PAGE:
It’s not all fun and games when you start eating lectin-free — and for a lot of people, the hardest thing to give up is legumes… beans, that is. But, with the help of the pressure cooker, you really can have your beans and eat them, too – plus, your gut buddies still get the healthy benefits of beans — like all that fiber.
So, if you’re a legume lover, this recipe is for you… especially if you’re in Phase 3 of the Plant Paradox plan.
Now, Dr. Gundry credits Lorna Sass, Queen of the Pressure Cooker, with this recipe. Though he has tweaked it to make it a little easier for The Plant Paradox home chef … you.
Why is this recipe so great? Well …
It’s a great source of protein and veggies.
It’s warming and comforting and, if you’ve got a cold, the polyphenols in the kale and vitamins in the garlic might just help you feel better, faster!
The recipe freezes really well. You can even freeze it in pint jars, so you have a single-serving lunch whenever you need it.
So, what are the superstar ingredients in this recipe?
Lima beans are an amazing source of molybdenum (which your body needs to help break down proteins). They’re also a great source of dietary fiber, copper, and manganese. But the nutritional value doesn’t stop there. Lima beans are also full of folate, phosphorus, protein, potassium, vitamin B1, iron, magnesium, and vitamin B6.1
A huge source of polyphenols, kale is also high in vitamin A, which can help you keep your skin firm. It also helps to slow down the aging process by helping you maintain healthy skin cell production and defending your skin against UV damage.2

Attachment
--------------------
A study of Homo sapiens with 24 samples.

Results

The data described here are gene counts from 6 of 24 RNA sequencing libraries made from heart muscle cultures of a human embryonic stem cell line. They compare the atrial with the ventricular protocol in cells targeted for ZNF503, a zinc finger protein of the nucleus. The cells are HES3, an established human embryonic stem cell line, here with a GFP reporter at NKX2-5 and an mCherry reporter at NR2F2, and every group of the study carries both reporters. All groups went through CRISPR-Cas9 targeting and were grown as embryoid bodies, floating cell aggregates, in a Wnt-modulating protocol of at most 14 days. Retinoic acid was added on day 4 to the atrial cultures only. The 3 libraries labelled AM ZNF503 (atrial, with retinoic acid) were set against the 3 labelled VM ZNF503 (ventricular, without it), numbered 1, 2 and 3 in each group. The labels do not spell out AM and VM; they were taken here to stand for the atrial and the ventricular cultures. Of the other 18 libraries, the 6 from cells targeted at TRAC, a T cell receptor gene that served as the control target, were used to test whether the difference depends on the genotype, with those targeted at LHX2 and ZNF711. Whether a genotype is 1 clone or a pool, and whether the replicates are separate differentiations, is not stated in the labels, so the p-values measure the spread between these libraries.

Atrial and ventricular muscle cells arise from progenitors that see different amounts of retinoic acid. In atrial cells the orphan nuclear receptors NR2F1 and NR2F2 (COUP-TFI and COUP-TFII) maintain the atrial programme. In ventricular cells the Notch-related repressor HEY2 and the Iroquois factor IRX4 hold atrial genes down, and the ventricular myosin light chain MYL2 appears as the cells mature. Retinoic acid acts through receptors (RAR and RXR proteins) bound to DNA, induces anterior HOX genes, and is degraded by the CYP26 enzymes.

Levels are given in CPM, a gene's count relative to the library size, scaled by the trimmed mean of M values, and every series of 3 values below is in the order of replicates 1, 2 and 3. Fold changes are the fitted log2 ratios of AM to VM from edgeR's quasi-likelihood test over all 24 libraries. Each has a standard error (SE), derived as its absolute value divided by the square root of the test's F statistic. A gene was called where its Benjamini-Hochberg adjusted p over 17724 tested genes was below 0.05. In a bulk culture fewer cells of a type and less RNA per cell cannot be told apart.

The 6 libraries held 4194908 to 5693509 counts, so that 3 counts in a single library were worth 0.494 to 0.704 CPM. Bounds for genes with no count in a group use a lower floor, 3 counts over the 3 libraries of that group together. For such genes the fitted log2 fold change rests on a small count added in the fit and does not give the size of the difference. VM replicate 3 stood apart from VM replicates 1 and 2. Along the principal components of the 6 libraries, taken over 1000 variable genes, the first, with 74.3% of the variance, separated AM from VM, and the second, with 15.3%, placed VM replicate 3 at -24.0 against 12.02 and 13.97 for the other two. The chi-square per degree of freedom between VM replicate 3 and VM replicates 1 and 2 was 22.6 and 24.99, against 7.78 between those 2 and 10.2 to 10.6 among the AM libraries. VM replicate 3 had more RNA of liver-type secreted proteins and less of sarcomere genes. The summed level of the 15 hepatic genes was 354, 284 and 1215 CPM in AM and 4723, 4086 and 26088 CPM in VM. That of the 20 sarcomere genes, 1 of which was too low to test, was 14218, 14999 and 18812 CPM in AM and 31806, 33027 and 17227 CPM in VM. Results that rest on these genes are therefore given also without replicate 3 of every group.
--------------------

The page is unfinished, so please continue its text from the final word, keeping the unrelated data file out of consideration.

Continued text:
This is a great source of niacin and, of course, a major source of protein. Every cell in our body contains protein, and we need protein to help our bodies repair cells and make new ones. Just make sure to only use pasture-raised poultry (kosher turkey will do in a pinch.)3
Garlic is one of the best plant foods out there. It has heaps of manganese, vitamin B6, vitamin C, phosphorus, vitamin B1, and calcium. In fact, a lot of clinical studies link garlic consumption to a reduced risk of cardiovascular disorders.4
Extra-virgin olive oil
Extra-virgin olive oil (EVOO) is loaded with healthy monounsaturated fatty acids – or good fats – which help lower blood cholesterol levels. And you know what that means – a lower risk of heart health issues. In fact, a recent study looked at overweight adult participants consuming extra-virgin olive oil. And guess what happened …
Their high-fat intake did NOT cause weight gain. Indeed, the subjects in the olive oil group ended up with a slightly lower body weight than the other tested groups.5
So, are you ready to get your pressure cook on?
Plant Paradox Pressure-Cooked Lima Beans, Kale, and Turkey
Prep time: 30 minutes
Cook time: 25 minutes
What you need:
1 bunch Tuscan, black, or other kale
1 medium red or yellow onion, chopped
2 cloves garlic, minced
8 tablespoons extra-virgin olive oil
4 cups vegetable stock
3 cups water
1 pound dried large lima beans (rinsed and picked through)
2 teaspoons Italian seasoning
1 small pastured bone-in turkey thigh (about 3⁄4 pound)
2 tablespoons grainy mustard
2 teaspoons powdered sage sea salt (preferably iodized)
Cracked black pepper
What to Do:
- Slice the leaves off the stems of the kale. Chop the stems. Then chop the leaves into larger pieces. Set aside.
- If your pressure cooker has a sauté feature, sauté the onions and the garlic in 2 tbsp of the EVOO for about 5 minutes. Alternatively, sauté them in a non-stick frying pan, or wok over medium heat.
- Next, transfer the garlic and onions to the pressure cooker. Add your vegetable stock and water. Then add your beans, Italian seasoning, and turkey thigh.
- Cook at high pressure for 14 minutes, then allow the pressure to come down naturally. Remove the turkey, and stir in the kale leaves, mustard, sage, and salt and pepper to taste.
- Finally, shred the turkey and return it to the pot. Stir until well blended, and ladle into serving bowls. Drizzle each serving with a tablespoon of olive oil. For an added blast of flavor, sub truffle oil.
- You CAN make a vegetarian version of this dish by replacing the turkey with a package of thawed Quorn Grounds. Or, to go vegan, try using a block of grain-free tempeh, crumbled.
In the end …
You won’t believe how hearty this meal is. And again, if you’ve got room in your freezer, you could eat from this batch for weeks.